Tallahassee, Fla. — Governor DeSantis and the cabinet approved the purchase of the 57-acre Fish Island in St. Johns County, a pristine property that represents one of the only natural waterfronts in St. Augustine.
The island was originally slated for development, but strong local advocacy, including Bald Eagle monitoring data, eventually convinced the landowner to sell the property; it will now become a public park. Fish Island is an oasis, so close to urban centers like Jacksonville and St. Augustine and still providing critical habitat for birds and other wildlife. The land was purchased using Florida Forever conservation funds for $6.5 million.
Audubon Florida joined a coalition to advocate for Fish Island as a future park. Working with concerned residents, Matanzas Riverkeeper, Save Fish Island, St. Johns County Audubon, North Florida Land Trust, and others to achieve conservation of the site, stakeholders argued that the benefits realized from the island’s water quality, wildlife, and recreation would far outweigh those expected from development. For public meetings, EagleWatch volunteer Rhonda Lovett shared photographs and details of her visits to the site. Amy Koch, president of St. Johns County Audubon, presented data indicating the nest on site was indeed active.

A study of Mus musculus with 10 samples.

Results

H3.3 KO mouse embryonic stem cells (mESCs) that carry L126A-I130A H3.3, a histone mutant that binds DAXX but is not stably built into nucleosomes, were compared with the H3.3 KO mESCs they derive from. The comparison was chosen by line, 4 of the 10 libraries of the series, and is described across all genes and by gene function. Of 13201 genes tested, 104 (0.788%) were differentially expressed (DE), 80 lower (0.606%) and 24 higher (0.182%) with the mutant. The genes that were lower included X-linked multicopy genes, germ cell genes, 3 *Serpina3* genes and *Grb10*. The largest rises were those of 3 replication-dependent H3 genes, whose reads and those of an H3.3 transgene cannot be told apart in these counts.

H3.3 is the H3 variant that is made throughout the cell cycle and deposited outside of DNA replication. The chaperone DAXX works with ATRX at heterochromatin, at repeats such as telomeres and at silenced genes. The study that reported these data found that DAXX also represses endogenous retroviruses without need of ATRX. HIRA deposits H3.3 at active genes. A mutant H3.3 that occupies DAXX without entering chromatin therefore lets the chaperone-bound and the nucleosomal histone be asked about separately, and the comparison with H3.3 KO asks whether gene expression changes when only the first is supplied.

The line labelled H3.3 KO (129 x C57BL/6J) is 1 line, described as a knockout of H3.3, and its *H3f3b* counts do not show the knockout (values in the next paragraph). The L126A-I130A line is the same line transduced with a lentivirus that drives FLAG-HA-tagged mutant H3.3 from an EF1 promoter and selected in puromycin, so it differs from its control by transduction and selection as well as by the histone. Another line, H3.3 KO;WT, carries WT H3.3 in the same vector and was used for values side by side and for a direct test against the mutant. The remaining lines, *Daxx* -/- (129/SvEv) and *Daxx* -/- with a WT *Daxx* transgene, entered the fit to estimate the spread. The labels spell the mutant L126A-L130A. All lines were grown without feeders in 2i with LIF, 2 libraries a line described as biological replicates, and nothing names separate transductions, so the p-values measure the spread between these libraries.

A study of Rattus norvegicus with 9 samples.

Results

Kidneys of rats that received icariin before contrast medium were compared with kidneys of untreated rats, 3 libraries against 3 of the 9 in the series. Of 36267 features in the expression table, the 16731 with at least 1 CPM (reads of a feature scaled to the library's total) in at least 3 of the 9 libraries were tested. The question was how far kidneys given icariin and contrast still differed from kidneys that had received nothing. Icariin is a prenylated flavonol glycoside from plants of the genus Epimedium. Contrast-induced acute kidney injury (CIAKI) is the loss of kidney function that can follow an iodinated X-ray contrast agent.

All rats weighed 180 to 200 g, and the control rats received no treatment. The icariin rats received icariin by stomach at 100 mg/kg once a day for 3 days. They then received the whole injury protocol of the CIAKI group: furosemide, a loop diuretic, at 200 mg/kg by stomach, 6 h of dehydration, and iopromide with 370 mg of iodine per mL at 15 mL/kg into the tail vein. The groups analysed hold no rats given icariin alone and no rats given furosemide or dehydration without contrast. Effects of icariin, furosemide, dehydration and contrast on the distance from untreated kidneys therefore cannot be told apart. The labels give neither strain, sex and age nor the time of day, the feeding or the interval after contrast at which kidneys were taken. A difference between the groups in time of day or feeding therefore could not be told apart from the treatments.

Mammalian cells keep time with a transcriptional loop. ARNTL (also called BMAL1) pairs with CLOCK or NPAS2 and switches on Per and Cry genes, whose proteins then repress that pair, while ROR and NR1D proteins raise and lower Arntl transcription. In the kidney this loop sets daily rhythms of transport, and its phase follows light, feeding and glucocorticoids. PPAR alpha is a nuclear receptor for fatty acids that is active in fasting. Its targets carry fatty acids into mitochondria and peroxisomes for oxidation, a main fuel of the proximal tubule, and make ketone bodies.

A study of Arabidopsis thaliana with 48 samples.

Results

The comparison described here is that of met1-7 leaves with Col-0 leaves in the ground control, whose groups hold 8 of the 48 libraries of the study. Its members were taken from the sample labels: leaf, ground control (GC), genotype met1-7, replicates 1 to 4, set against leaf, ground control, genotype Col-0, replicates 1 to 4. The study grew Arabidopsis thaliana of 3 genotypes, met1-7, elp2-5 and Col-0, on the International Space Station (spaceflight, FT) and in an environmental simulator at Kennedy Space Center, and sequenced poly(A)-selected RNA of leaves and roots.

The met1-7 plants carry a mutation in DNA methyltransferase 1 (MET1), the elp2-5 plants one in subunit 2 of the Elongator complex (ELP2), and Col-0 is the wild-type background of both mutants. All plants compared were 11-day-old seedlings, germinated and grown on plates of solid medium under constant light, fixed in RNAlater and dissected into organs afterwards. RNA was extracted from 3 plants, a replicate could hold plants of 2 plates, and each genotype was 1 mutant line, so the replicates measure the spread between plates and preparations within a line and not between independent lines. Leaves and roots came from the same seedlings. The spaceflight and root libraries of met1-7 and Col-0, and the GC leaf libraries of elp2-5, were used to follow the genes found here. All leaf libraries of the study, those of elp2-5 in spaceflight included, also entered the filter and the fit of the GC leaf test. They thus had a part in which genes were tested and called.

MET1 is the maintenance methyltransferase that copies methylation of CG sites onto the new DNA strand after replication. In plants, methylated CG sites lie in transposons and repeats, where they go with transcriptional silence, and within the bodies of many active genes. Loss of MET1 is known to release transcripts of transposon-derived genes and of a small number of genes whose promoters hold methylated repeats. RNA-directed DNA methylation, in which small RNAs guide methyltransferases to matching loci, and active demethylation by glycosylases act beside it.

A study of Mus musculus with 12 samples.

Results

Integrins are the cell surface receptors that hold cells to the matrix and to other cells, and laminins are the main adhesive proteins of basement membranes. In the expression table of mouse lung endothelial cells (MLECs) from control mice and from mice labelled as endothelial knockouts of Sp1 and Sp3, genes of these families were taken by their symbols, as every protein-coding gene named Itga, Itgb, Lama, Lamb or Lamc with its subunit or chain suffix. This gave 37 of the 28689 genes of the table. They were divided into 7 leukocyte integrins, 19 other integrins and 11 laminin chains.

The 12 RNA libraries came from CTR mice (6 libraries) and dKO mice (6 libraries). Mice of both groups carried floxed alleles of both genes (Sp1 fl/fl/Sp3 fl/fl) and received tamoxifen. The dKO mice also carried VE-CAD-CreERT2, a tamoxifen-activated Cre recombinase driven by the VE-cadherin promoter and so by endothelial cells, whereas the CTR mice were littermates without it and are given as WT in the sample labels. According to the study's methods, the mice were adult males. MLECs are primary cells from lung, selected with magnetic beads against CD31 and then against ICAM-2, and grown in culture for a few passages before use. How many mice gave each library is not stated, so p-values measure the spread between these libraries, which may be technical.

“The property includes over a half-mile of shoreline along the salt marshes of the Matanzas River and a coastal forest system,” explains Julie Wraithmell, Executive Director of Audubon Florida, “Preserving the uplands along the adjacent stretch of marsh will promote the health of the marsh, retain its ability to clean water, and enhance wildlife benefits for the Matanzas River.”
EagleWatch, one of Audubon's premier community science programs, deploys boots on the ground and eyes in the field to monitor and protect Florida's eagles. With over 1,500 nesting pairs in our state, this team of volunteers spans 45 counties monitoring more than 600 nests. The Fish Island acquisition demonstrates the importance of information collected by community scientists.
Audubon Florida protects birds and the places they need, today and tomorrow.